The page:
Lawyers: Planned haredi-only city is unconstitutional
The planned city, located near Pardes Hanna, is set to eventually provide homes for an estimated tens of thousands of families.
By RON FRIEDMAN • Jerusalem Post
Human rights lawyers are attempting to challenge a government decision designating the planned city of Harish as a haredi-only town.
In a letter sent Tuesday to the directors-general committee established by the government to promote the city’s establishment, attorneys Michael Sfard and Ishai Shneydor, representing residents of the region, wrote that the plan to populate Harish with only haredi residents was unconstitutional.
In March 2010, the cabinet decided to promote the planning and construction of the new city “in an effort to find a long-term solution for the future growth of the city as a substantial solution to the housing crisis from which the religious community suffers.”
The planned city, located near Pardes Hanna, is set to eventually provide homes for an estimated tens of thousands of families. Residents of the region, however, claim that the new city will harm the population makeup of the surrounding area.
“The decision to designate an urban settlement for one population, while closing it off to others, is unconstitutional, violating the principle of equality,” wrote the lawyers.
“The planned city of Harish rests in the heart of Wadi Ara, a region characterized by its complex and delicate makeup of different populations: urban and rural, Jewish and Arab, Israeli and Palestinian,” the letter continued. “The decision to construct a haredi city in this place will likely unbalance the situation and is a severe intervention by the government in the social makeup that exists in the region, clearly benefiting a certain population.”
The lawyers added that the land in question was desperately needed by the local Arab population for its future expansion and that “importing” a large population from other parts of the country would negatively affect the existing population.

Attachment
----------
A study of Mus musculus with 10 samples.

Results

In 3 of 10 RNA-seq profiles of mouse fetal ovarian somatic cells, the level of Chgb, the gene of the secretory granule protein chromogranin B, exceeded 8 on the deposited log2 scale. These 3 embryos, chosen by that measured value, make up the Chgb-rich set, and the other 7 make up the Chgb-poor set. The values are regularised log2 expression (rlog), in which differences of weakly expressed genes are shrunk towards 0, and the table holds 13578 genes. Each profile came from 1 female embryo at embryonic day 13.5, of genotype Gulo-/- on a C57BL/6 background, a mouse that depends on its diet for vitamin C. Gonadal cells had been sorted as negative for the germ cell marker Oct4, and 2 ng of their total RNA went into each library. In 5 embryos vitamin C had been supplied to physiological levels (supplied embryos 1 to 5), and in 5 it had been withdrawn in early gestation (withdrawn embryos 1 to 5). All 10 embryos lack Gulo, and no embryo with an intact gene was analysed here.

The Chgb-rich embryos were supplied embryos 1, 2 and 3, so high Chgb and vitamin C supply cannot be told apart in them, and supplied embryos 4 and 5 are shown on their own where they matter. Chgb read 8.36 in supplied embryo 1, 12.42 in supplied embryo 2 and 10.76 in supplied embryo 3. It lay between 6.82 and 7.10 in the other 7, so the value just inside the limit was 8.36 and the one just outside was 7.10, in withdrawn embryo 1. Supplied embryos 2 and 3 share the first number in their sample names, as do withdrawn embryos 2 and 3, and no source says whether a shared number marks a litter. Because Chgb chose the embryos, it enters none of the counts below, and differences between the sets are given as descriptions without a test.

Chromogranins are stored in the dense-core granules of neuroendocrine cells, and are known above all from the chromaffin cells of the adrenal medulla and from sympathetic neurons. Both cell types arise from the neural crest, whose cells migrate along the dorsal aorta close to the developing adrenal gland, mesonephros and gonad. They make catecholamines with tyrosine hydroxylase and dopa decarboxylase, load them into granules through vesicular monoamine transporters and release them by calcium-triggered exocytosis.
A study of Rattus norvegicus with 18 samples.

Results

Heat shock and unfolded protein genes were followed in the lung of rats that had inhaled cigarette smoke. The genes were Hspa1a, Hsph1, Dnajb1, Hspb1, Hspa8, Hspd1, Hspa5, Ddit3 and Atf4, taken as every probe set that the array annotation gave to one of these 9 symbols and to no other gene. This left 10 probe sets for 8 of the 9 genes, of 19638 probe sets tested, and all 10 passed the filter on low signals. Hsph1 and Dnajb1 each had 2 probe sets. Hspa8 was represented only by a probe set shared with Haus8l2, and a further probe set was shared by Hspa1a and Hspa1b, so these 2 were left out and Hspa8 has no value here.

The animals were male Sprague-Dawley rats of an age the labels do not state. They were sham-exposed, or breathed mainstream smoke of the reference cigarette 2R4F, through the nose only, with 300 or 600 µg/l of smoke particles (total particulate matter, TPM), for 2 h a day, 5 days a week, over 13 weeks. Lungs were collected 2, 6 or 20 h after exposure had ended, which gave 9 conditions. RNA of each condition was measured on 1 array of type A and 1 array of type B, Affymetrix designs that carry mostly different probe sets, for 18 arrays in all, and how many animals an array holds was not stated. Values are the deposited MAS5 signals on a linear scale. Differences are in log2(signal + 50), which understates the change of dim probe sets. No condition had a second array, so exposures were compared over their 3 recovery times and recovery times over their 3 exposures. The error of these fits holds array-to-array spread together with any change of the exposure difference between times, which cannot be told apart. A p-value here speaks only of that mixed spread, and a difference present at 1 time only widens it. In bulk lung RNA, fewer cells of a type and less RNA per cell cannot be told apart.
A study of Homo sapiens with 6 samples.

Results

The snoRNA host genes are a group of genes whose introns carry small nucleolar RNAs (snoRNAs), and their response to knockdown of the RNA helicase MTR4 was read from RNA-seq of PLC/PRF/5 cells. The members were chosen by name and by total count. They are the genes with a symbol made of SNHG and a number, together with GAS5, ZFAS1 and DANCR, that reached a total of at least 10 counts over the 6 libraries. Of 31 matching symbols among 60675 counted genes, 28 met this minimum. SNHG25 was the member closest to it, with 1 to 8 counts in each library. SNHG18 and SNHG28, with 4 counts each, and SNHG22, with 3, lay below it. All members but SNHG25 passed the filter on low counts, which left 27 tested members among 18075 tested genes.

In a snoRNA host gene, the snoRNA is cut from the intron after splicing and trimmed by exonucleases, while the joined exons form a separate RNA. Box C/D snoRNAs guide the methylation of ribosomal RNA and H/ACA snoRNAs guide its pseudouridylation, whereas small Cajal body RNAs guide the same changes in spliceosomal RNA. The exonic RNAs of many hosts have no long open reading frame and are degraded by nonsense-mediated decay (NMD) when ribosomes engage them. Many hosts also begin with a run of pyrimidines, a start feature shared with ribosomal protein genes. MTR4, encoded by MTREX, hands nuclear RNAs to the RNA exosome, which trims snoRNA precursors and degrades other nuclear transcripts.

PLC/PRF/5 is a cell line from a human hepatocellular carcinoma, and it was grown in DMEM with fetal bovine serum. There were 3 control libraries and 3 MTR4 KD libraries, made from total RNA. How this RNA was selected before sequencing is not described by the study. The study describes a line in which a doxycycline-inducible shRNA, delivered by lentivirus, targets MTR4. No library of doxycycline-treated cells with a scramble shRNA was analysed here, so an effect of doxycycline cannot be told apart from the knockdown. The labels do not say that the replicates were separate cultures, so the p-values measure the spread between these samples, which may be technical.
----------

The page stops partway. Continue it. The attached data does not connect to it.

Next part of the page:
The lawyers requested that the issue be thoroughly reexamined, and threatened that if the government did decide to designate the city for haredim only, the residents would petition the High Court.
A source in the Construction and Housing Ministry told The Jerusalem Post that while the government planned for the city to help solve the haredi housing shortage, it would not refuse to let non-religious people buy houses and live there if they chose.
The source said that the land in question had been standing vacant with no buyers for 20 years, and that only the haredim, who could mobilize large numbers of people in unison, could concertedly populate the city.
According to the ministry spokesman, Construction and Housing Minister Ariel Attias had instructed planners to ensure that the current population of Harish, 300 secular families, would have a separate entrance to the city, enabling them to come and go during Shabbat.
He added that while the plots would only be marketed in six months, there were already ads in the haredi press calling for people interested in moving to Harish to sign up to purchase co-ops.